Primary Market Research & Analysis
Case study demonstrating how we use surveying, focus groups, and one-on-one interviews to evaluate online performance.
A major UK transport operator.
Our client asked us to conduct pre-launch research of their new in-travel multimedia service.
Many competitors already offer WiFi and power-socket provision across their fleet, but the client wished to be the first to allow passengers access to a variety of TV and film media, as well as more traditional web, email and social media access.
Our client was therefore particularly interested in assessing the possible brand sentiment outcome for such an offering.
To create a full qualitative assessment of consumer responses to the new service, we ran a series of three focus groups across different consumer segments, giving each group a live demonstration of the service. This allowed us to track real-time responses to each of the features on offer. We were also able to use interviews and discussions after the live demonstration to focus more closely on the wider travel needs of our group participants, and the place of the new system within them.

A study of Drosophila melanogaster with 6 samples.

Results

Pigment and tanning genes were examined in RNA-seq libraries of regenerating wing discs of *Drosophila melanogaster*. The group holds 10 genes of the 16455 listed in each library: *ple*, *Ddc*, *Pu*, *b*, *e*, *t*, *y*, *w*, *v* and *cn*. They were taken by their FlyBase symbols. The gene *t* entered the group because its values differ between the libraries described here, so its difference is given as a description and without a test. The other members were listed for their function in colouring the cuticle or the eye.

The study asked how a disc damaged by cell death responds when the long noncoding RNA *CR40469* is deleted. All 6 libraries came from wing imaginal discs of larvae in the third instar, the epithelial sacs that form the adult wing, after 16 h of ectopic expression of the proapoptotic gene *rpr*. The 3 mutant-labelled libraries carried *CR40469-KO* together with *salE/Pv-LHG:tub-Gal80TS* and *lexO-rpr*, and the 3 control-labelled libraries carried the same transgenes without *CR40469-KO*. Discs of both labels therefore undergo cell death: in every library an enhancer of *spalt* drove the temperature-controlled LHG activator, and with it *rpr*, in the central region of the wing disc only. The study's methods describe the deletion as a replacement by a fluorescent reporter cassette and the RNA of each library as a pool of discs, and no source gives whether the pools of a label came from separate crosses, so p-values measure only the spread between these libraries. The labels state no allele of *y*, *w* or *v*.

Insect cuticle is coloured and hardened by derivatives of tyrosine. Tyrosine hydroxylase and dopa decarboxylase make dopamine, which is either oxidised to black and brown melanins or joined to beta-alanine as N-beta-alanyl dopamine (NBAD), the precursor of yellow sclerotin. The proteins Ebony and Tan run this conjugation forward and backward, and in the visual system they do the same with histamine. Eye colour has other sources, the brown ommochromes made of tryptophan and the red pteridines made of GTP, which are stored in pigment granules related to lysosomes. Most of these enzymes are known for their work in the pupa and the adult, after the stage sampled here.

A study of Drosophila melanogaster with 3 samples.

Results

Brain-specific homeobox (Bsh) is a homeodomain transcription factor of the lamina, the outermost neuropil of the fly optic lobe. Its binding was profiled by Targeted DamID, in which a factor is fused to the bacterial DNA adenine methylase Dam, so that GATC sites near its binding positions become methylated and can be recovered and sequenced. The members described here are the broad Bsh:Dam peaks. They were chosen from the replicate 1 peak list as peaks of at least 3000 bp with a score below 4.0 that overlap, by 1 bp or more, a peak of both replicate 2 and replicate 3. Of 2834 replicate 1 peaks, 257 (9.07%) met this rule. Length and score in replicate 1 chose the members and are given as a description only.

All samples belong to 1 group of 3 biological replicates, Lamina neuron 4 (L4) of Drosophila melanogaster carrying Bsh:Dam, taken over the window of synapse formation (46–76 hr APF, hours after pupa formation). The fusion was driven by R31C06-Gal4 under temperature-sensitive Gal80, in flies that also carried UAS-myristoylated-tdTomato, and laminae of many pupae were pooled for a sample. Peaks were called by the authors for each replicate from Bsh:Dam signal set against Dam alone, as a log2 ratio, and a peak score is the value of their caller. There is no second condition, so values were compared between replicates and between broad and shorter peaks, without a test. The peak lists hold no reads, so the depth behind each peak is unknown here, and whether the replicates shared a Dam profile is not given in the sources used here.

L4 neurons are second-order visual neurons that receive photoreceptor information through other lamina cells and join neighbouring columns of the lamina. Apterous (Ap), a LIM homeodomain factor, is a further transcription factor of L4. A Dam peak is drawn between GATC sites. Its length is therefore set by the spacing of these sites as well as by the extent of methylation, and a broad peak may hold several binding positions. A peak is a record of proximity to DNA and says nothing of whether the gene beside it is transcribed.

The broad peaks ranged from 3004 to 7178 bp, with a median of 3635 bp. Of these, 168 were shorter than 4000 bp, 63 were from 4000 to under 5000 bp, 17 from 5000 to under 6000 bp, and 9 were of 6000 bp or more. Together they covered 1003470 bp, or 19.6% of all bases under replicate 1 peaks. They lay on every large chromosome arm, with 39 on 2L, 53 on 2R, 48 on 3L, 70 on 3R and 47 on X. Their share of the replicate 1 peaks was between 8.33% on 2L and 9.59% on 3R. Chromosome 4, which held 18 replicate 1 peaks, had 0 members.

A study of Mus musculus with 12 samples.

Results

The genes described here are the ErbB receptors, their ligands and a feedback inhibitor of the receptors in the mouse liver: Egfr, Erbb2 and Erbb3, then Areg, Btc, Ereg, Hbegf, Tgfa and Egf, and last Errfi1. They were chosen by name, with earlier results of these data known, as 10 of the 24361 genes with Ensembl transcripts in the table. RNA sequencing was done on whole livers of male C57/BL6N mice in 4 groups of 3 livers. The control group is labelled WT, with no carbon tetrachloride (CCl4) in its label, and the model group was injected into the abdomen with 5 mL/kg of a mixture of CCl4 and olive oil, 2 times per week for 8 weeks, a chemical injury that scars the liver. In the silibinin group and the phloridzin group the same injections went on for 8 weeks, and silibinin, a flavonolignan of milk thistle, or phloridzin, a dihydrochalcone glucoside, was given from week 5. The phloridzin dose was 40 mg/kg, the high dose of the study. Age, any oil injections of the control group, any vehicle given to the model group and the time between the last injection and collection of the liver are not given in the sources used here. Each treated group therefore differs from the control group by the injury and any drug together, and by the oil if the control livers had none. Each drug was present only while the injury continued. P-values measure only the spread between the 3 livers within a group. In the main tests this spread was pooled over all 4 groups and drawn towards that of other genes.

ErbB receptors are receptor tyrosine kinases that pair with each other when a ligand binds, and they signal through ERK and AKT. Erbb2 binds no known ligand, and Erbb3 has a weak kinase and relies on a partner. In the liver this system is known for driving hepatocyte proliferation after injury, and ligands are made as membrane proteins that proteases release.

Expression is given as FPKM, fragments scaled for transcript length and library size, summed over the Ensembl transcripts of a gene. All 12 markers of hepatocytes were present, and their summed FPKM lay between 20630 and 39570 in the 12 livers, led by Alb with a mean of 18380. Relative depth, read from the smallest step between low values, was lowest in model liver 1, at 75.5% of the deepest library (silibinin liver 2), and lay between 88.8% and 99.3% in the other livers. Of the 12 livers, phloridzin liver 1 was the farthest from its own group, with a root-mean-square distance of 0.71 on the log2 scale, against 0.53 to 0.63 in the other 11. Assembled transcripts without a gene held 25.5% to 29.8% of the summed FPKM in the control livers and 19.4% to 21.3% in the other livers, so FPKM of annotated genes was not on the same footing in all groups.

We conducted a rigorous online survey with a sample size large enough to allow us to split the analysis into four segments, with each sub-group tested on different price points. This survey questioned respondents both on the specifics of the service and their own pre-existing media usage habits during travel, whilst also collating a variety of demographic and brand perception data that helped place the service in its context.
Our research revealed that not only was the service a commercial opportunity, but also that it was likely to create positive feelings around the client’s brand.
Our respondents and focus group members all felt that the service reflected well upon the brand – but expected a similar type of offering to be the industry standard within the next few years. They felt that the first brand to offer such a service would likely benefit from it the most in terms of brand equity and “ownership” of the technology in the eyes of consumers.
While the overall majority of respondents were willing to pay to access media during their journeys, this willingness was greater in the younger age groups. Moreover, many participants suggested that the service could be used as a method of real-time customer service provision. This information allowed us to advise the client on an appropriate pricing and delivery approach for the new service.